New figures released by the Australian Competition and Consumer Commission reveal that efforts by NBN Co to promote the take-up of higher speed broadband plans have had an impact, but a significant proportion of households are still opting for the slowest speed tier.
The ACCC today released the latest edition of its Wholesale Market Indicators Report. The report draws on data provided by NBN Co and covers the three months to the end of December.
In total, by the end of 2018 there were 4.4 million premises with active fixed-line NBN services, as well as more than 269,000 connected via fixed wireless and more than 94,000 connected using the Sky Muster satellite service.
Close to 56 per cent of the 4.7 million connections had wholesale speeds of 50 megabits per second (Mbps) or faster. At the end of 2017, just 16 per cent of households had opted for 50Mbps+ speeds.
In December 2017 NBN Co announced a ‘Focus on 50’ promotion that offered discounts to retail service providers (RSPs) to encourage sales of the 50Mbps speed tier. The campaign was a prelude to the launch in 2018 by NBN Co of new bundled 50Mbps and 100Mbps services.
Although the campaign has clearly borne fruit for NBN Co, the base 12Mbps service remains a popular option. The ACCC figures reveal that almost a quarter of households have still opted for the slowest speed.
There were 1.02 million households on 12Mbps services at the end of 2017; by the end of 2018 that had grown somewhat to 1.16 million. The biggest drop in popularity has been in the 25Mbps speed tier, which formerly accounted for more than half of NBN connections — now it is just under a fifth.
“It’s good to see that retail services providers (RSPs) have been able to offer higher speed plans at more affordable prices – thereby giving many consumers more choice,” ACCC chair Rod Sims said in a statement.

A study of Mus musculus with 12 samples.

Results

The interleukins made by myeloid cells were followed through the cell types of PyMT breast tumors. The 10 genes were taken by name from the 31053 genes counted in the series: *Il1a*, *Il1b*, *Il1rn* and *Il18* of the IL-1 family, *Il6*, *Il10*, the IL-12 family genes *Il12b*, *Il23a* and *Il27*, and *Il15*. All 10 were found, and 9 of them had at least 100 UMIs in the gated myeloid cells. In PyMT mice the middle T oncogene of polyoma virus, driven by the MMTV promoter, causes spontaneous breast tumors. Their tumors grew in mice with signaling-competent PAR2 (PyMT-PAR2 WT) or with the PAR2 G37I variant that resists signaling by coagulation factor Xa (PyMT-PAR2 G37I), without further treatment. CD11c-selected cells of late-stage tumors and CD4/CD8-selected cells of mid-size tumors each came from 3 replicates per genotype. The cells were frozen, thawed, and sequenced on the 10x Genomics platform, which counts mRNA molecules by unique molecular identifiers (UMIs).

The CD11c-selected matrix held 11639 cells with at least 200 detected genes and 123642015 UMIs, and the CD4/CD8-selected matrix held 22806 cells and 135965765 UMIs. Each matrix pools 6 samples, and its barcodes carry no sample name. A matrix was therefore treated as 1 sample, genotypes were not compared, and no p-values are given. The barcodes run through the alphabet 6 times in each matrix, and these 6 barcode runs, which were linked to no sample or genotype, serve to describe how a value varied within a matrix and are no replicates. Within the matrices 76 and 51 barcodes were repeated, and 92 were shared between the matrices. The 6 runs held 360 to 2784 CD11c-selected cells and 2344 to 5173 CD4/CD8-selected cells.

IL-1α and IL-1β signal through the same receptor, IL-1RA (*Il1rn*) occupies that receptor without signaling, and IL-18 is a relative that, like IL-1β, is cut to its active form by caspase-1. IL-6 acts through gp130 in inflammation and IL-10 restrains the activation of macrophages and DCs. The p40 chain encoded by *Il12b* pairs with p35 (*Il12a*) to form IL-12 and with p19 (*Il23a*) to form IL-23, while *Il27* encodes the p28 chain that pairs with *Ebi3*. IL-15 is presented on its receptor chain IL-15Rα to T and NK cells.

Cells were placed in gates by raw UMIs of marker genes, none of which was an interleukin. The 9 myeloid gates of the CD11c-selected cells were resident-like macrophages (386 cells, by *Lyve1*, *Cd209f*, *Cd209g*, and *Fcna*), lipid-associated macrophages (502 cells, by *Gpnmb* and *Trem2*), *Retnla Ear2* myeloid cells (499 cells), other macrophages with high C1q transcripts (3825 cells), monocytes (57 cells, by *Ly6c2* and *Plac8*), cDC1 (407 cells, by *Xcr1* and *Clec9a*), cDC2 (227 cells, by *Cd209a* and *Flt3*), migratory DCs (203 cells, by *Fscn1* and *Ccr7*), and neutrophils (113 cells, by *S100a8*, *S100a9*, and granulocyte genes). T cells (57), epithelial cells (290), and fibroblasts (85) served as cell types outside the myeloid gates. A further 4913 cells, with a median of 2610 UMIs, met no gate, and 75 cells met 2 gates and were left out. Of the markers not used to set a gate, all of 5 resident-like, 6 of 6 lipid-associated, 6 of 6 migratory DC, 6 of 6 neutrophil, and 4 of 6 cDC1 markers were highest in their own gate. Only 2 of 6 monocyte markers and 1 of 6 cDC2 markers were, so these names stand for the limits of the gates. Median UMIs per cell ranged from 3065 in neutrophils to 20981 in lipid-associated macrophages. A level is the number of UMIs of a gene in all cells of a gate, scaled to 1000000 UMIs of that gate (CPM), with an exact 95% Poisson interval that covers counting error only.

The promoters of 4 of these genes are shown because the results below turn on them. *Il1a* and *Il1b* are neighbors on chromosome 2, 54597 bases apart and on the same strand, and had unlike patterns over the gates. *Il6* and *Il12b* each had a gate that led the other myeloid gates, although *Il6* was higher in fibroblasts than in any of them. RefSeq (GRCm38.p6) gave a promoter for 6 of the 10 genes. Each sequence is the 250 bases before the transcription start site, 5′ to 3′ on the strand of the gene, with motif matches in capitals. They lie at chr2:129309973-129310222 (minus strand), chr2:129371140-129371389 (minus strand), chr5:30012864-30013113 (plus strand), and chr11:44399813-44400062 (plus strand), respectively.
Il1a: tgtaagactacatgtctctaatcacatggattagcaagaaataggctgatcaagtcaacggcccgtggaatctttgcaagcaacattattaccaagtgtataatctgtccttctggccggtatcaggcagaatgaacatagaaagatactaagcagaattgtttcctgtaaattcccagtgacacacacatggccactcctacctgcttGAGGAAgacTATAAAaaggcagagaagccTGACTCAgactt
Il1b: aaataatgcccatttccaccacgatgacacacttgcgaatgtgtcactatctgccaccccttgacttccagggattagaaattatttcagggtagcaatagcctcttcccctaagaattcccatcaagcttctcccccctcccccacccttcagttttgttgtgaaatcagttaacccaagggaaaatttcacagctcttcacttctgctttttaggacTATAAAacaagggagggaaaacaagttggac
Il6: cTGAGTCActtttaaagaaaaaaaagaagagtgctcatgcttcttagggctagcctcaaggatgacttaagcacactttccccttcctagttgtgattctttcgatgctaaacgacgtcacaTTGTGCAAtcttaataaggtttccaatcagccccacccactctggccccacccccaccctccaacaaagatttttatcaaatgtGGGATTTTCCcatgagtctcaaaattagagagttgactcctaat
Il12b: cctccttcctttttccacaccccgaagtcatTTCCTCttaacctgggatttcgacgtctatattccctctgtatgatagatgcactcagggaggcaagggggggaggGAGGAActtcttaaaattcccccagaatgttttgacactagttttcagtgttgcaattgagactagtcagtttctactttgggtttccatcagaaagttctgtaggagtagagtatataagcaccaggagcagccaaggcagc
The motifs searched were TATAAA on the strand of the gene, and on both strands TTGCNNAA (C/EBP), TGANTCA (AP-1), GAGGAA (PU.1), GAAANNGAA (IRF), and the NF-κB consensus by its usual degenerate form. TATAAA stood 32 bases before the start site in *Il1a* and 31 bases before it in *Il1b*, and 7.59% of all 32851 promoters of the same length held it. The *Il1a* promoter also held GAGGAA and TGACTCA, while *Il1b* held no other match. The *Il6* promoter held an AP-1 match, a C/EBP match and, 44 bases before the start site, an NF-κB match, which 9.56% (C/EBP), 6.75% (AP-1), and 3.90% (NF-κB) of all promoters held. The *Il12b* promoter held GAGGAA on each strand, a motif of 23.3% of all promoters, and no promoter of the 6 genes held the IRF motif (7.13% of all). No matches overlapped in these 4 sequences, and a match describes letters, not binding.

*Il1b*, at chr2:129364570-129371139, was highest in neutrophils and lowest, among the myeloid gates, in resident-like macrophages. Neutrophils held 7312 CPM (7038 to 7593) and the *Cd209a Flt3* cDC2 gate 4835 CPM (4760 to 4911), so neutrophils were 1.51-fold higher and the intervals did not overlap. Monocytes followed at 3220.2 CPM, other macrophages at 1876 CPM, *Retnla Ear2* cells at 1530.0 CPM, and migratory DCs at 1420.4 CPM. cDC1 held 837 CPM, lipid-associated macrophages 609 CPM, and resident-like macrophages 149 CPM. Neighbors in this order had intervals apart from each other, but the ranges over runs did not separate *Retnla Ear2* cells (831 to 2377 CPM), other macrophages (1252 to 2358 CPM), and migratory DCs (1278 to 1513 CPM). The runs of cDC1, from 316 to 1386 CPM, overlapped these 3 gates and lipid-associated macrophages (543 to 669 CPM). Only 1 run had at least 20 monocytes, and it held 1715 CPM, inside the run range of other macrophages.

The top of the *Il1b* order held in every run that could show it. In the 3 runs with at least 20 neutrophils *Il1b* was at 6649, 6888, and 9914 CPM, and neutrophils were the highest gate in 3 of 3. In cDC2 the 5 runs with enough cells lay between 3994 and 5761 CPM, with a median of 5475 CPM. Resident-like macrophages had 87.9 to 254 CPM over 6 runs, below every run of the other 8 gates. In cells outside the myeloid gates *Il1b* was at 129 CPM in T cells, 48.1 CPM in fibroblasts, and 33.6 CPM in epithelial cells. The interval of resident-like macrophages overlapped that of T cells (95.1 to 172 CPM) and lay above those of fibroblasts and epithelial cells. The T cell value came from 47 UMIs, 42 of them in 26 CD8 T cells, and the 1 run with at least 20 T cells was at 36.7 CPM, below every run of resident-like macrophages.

However, the ACCC head added: “While there is clearly a trend towards higher speed plans, it is important that consumers continue to have the option of affordable, basic plans, which still make up one quarter of all services.”
NBN Co in May 2018 revealed details of its plan to launch a new voice-focused bundled offering that would include only basic Internet service as a replacement for the existing 12Mbps product. NBN Co’s former CEO, Bill Morrow, argued that the 12Mbps product was “was never designed for broadband”.
The ACCC figures revealed a quarter-on-quarter drop in the per user capacity (CVC) provisioned by RSPs, from 1.71Mbps to 1.65Mbps, which it attributed to the end of the Focus on 50 deal.
“We will continue to monitor the amount of CVC RSPs provide to their customers, and whether customers are getting the service they are paying for, including those on the lowest speed plan,” Sims said.
NBN Co has previously indicated that some fluctuation in congestion levels could be expected as RSPs transitioned from the 50Mbps promotion, which was based on its legacy products, to the newer bundled 50Mbps and 100Mbps services.